Scotland and north of England food bank usage highest in UK, figures show
Food bank usage in Scotland and the north of England is the highest in the UK, according to official figures.
The Family Resources Survey, published by the Department for Work and Pensions (DWP), showed 4% of households in Scotland used a food bank in the year up to March 2022.
Meanwhile, 2% of those asked said they had used a food bank in the past 30 days.
The survey spoke to 14,625 people across the UK, 1,906 of them in Scotland, finding patronage north of the border to be higher than in other British countries.
The proportion of households who reported going to a food bank in the 30 days before they were asked sat at 1% in every other country in the UK, while 2% in Northern Ireland said they had used one between 2021 and 2022 and 3% reported the same in England and Wales.
Scotland’s performance in the year up to 2022 was mirrored in the South East, South West and Yorkshire and Humber regions, all of which also showed 4% food bank usage, but just 1% reported usage in the previous 30 days.
On average, 3% of respondents across the UK reported using a food bank in the 12 months between 2021 and 2022.
David Hilferty, the social justice spokesman for Citizens Advice Scotland, said: “These figures are alarming, but reflect the reality of what Citizens Advice Bureau (Cab) advisers across the country see every day, with parents forced into the impossible choice between heating their homes or feeding their kids.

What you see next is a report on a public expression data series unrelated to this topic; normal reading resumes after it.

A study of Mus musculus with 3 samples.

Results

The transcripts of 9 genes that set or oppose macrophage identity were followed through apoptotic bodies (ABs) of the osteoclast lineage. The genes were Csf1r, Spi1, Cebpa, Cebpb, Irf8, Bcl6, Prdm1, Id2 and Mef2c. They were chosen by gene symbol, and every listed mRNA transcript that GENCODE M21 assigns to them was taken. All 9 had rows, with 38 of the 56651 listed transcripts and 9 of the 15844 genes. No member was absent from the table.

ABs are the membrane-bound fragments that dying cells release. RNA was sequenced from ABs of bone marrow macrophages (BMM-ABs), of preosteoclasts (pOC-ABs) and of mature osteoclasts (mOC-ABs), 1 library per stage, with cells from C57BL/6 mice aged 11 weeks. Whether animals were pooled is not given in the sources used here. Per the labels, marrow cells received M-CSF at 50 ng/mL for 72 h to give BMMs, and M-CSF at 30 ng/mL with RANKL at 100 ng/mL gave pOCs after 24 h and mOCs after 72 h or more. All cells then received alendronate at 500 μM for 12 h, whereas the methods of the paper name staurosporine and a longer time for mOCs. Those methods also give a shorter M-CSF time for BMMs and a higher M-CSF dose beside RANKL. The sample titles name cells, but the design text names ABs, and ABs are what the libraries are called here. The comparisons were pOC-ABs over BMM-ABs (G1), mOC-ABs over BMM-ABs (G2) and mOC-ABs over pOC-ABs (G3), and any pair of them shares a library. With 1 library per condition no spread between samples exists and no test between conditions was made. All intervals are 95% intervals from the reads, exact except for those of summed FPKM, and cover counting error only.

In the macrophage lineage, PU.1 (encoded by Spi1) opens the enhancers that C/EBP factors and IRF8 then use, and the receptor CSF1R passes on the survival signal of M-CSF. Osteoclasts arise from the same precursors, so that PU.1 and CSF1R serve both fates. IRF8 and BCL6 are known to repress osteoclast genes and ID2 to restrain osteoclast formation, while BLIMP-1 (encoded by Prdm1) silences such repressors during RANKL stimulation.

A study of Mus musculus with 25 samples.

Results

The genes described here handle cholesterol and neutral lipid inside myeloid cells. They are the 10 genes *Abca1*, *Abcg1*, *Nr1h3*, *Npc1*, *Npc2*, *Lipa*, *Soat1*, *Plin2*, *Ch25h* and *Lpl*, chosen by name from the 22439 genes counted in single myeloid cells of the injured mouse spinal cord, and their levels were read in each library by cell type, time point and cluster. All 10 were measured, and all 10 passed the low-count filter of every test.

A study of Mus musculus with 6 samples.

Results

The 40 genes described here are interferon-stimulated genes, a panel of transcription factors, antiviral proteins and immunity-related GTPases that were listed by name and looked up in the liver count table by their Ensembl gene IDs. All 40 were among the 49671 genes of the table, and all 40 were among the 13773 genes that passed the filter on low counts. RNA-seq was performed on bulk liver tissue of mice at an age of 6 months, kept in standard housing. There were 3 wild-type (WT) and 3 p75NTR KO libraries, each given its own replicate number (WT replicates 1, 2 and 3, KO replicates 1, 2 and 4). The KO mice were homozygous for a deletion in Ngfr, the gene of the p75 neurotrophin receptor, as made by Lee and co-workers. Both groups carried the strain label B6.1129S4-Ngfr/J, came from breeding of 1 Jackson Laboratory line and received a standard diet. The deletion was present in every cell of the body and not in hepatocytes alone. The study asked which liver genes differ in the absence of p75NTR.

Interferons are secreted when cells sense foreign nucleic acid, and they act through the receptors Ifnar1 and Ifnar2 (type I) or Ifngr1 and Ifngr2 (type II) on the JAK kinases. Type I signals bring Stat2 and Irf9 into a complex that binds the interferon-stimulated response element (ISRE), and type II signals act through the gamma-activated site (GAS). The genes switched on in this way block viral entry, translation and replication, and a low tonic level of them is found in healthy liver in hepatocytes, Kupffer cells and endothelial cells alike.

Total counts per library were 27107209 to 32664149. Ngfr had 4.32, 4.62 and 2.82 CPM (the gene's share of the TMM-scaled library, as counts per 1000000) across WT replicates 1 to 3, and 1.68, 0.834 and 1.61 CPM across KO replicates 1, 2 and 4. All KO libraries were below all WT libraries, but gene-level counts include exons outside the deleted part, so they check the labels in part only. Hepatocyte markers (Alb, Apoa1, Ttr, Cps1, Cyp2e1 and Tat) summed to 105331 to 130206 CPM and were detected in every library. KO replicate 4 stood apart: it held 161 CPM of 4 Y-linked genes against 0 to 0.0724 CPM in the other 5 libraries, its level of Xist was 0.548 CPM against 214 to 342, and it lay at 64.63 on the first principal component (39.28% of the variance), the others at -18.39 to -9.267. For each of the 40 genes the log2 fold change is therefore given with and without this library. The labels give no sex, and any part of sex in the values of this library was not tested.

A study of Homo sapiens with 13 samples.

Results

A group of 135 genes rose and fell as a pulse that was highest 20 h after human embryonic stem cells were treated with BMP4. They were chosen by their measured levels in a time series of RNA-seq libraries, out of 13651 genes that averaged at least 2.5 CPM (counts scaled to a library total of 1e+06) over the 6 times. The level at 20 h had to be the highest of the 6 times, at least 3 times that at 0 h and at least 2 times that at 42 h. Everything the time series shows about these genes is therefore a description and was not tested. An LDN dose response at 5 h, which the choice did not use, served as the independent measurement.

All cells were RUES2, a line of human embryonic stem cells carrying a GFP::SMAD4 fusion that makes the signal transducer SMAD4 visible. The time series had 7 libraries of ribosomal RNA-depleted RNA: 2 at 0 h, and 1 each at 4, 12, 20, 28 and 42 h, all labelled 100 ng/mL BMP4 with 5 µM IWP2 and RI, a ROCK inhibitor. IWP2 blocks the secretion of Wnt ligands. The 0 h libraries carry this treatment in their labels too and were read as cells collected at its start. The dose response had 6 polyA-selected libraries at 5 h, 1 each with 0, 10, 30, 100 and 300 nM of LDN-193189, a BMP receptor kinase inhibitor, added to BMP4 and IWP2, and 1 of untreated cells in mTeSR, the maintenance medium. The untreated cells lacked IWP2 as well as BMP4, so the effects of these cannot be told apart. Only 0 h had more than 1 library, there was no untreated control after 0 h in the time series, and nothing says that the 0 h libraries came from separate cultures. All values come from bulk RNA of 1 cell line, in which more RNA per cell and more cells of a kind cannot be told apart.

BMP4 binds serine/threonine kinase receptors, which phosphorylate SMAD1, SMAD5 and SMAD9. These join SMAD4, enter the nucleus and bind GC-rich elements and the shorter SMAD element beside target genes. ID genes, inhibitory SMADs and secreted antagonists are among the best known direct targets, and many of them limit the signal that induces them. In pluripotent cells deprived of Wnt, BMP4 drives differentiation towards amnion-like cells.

“The Citizens Advice network has been warning about the impact of the cost-of-living crisis on food insecurity for some time now.
“Our most recent analysis of Cab data shows that 15% of people seeking food insecurity advice also needed help with energy bills and utilities.
“So what is concerning (about these) figures is they precede the real impact of energy price rises on household budgets. This could be the tip of the iceberg.”
Elsewhere the statistics show Scotland had among the worst levels of food security, matching Wales with 8% of respondents reporting they were food insecure.
The figures come as other statistics released on Thursday showed poverty levels in Scotland had stagnated, with 24% of children still living below the breadline over the period of 2019 to 2022.
Meanwhile, a total of 1,110,000 people were living in relative poverty – meaning the amount of money they have is less than 60% of UK median income after housing costs are taken into consideration – an increase of 70,000 since the period of 2018 to 2021.
A Scottish Government spokesperson said: “We recognise that too many people are having to turn to food banks, and that is why the Scottish Government has prioritised urgent cash-first supports this winter, including £1.8 million for food groups and an additional £2.5 million to local authorities to boost the Scottish Welfare Fund.
“This funding is providing vital support, including helping people access emergency cash in their local communities so they can buy the food they need.
“As set out in the Programme for Government, we will soon publish a plan, grounded in human rights, that sets out the further action we will take to improve the response to hardship and reduce the need for food banks.”